LEBANON: Government split down the middle on latest U.N. sanctions on Iran
Lebanon's government split into two rival camps, deeply divided on whether to abstain or oppose the latest round of United Nations Security Council sanctions against Iran. Though Lebanon ultimately abstained from the vote, the question of how Lebanon as a country should view Iran unearthed domestic political fissures.
The Cabinet of Ministers failed to reach consensus on the sanction issue, with 14 in favor of abstention and 14 opposed to sanctions. Lebanon's Ambassador to the United Nations, Nawaf Salam, had to keep the Security Council waiting for an hour until Beirut gave him directions on how to vote. Ultimately, Lebanon had no choice but to abstain.
Prime Minister Saad Hariri was "not satisfied" with the outcome, arguing that Lebanon's unique stance only diplomatically distanced it from the 12 states which did support sanctions and that the abstention made no material difference, reported Naharnet. The Hezbollah-led opposition ardently opposed the resolution.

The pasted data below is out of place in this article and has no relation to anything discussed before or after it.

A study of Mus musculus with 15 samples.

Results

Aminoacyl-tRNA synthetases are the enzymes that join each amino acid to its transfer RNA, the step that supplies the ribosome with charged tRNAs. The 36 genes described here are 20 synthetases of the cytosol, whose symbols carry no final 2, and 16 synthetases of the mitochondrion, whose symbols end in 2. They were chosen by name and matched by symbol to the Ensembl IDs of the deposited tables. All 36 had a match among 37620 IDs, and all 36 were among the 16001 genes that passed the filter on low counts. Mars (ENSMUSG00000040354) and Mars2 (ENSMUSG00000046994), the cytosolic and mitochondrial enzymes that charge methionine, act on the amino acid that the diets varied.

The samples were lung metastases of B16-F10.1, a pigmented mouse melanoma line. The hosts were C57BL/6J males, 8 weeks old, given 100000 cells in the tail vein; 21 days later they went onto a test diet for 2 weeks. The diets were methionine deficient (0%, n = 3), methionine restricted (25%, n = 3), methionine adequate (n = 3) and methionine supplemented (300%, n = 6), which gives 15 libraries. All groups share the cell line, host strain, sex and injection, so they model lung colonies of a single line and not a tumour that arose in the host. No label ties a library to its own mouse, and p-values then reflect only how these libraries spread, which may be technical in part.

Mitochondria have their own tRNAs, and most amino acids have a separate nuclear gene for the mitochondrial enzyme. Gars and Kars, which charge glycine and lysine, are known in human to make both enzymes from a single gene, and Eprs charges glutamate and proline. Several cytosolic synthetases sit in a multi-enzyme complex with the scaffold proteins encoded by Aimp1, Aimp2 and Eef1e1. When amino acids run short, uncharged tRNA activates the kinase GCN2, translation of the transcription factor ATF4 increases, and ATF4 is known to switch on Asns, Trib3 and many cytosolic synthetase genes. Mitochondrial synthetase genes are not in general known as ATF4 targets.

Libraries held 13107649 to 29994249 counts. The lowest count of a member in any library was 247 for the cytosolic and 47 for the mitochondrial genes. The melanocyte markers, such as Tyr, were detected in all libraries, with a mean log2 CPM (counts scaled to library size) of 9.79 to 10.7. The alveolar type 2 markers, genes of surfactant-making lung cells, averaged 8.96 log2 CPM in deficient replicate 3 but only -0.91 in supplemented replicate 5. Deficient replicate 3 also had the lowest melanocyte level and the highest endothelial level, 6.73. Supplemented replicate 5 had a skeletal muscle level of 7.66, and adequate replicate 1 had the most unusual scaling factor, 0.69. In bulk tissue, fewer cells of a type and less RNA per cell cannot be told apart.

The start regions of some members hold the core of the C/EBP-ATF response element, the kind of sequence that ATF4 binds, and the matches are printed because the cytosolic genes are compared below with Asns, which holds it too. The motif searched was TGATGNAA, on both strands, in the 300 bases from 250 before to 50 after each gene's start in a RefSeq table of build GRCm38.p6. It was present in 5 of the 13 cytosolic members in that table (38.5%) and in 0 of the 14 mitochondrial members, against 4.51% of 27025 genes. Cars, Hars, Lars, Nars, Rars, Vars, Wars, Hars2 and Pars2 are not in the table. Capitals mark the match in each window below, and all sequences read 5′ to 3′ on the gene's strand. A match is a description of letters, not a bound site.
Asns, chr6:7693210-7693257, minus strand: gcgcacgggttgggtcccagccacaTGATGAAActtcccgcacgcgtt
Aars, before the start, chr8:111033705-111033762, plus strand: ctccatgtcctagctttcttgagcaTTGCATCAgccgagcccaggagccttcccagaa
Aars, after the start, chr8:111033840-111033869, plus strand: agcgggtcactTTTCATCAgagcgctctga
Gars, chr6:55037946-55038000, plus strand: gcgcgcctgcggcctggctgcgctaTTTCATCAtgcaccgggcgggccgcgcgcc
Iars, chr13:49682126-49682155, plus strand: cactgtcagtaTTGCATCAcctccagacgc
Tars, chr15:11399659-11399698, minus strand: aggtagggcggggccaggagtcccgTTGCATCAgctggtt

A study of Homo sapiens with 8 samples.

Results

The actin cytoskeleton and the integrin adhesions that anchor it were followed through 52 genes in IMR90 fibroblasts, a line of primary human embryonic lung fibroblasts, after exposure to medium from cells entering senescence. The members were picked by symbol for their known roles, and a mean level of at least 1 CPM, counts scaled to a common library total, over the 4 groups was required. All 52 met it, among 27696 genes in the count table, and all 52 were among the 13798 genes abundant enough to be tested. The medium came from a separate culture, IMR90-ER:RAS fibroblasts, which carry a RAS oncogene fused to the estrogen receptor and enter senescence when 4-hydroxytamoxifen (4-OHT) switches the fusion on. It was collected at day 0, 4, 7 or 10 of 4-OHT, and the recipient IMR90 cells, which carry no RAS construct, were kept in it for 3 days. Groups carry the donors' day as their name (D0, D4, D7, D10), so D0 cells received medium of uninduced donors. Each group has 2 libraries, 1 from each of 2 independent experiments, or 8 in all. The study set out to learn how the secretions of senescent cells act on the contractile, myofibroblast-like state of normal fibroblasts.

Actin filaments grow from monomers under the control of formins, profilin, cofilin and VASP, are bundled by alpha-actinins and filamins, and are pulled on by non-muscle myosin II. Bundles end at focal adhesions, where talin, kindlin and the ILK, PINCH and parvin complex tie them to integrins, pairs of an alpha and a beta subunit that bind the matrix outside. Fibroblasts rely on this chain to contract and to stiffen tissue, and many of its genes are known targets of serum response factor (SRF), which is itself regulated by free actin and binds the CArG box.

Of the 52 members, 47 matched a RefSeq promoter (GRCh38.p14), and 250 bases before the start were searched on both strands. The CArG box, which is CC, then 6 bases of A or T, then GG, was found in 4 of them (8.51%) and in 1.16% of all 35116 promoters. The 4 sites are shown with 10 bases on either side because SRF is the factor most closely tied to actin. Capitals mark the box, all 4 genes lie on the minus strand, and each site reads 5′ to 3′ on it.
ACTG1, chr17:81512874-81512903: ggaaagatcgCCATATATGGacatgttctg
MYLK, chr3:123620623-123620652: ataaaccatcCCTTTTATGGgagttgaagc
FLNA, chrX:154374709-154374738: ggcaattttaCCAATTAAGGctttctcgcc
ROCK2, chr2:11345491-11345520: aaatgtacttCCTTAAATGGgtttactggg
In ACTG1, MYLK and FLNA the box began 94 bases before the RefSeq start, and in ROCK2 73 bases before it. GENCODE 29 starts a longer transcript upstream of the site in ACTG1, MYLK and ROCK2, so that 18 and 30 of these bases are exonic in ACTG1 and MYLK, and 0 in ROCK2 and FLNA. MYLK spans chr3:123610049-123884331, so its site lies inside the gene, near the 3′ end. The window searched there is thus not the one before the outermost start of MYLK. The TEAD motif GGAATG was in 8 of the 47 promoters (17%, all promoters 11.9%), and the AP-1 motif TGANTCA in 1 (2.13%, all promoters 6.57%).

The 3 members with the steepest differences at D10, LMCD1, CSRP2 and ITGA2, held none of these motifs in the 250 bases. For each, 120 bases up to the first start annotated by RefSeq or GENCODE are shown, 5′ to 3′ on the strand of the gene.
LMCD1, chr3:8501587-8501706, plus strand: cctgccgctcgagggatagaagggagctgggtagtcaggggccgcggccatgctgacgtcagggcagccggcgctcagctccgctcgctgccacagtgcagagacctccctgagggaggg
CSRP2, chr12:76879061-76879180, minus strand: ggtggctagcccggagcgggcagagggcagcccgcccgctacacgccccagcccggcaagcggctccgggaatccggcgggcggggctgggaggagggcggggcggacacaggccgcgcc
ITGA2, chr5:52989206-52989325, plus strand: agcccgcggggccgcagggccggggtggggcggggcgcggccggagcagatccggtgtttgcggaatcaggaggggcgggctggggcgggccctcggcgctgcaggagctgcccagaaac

"We are a country that has interests with the international community. We are facing the issue of the renewal of UNIFIL's [United Nations Interim Force in Lebanon] mandate in the summer and have friendly countries that are supporting us and backing our causes," Hariri explained.
The prime minister continued, "We can't take a stance that goes against the general trend at the Security Council because that would weaken our stance in the outside world."
However, Hezbollah immediately chastised the United Nations Security Council resolution as “unjust, partial, and contrary to the simplest principles of integrity and fairness,” as reported by Al-Manar.
Hezbollah argued that the sanctions "would exacerbate the resistive spirit of
the downtrodden peoples, conglomerate their disappointment at the
Security Council’s role to protect stability and prompt them to
continue building their own abilities to preserve their independence
Lebanese media said sources close to President Michel Suleiman explained that the Cabinet split "was the best for the country because it helped it avoid being seen as the victor or vanquished."
The refrain, "no victor, no vanquished," has dictated Lebanese sectarian politics since the close of the civil war, reminding parties that no one faction can ever dominate the country.
-- Becky Lee Katz in Beirut
Photo: The Council of Ministers argue their positions on the U.N. Security Council resolution imposing sanctions on Iran. Credit: Naharnet.com.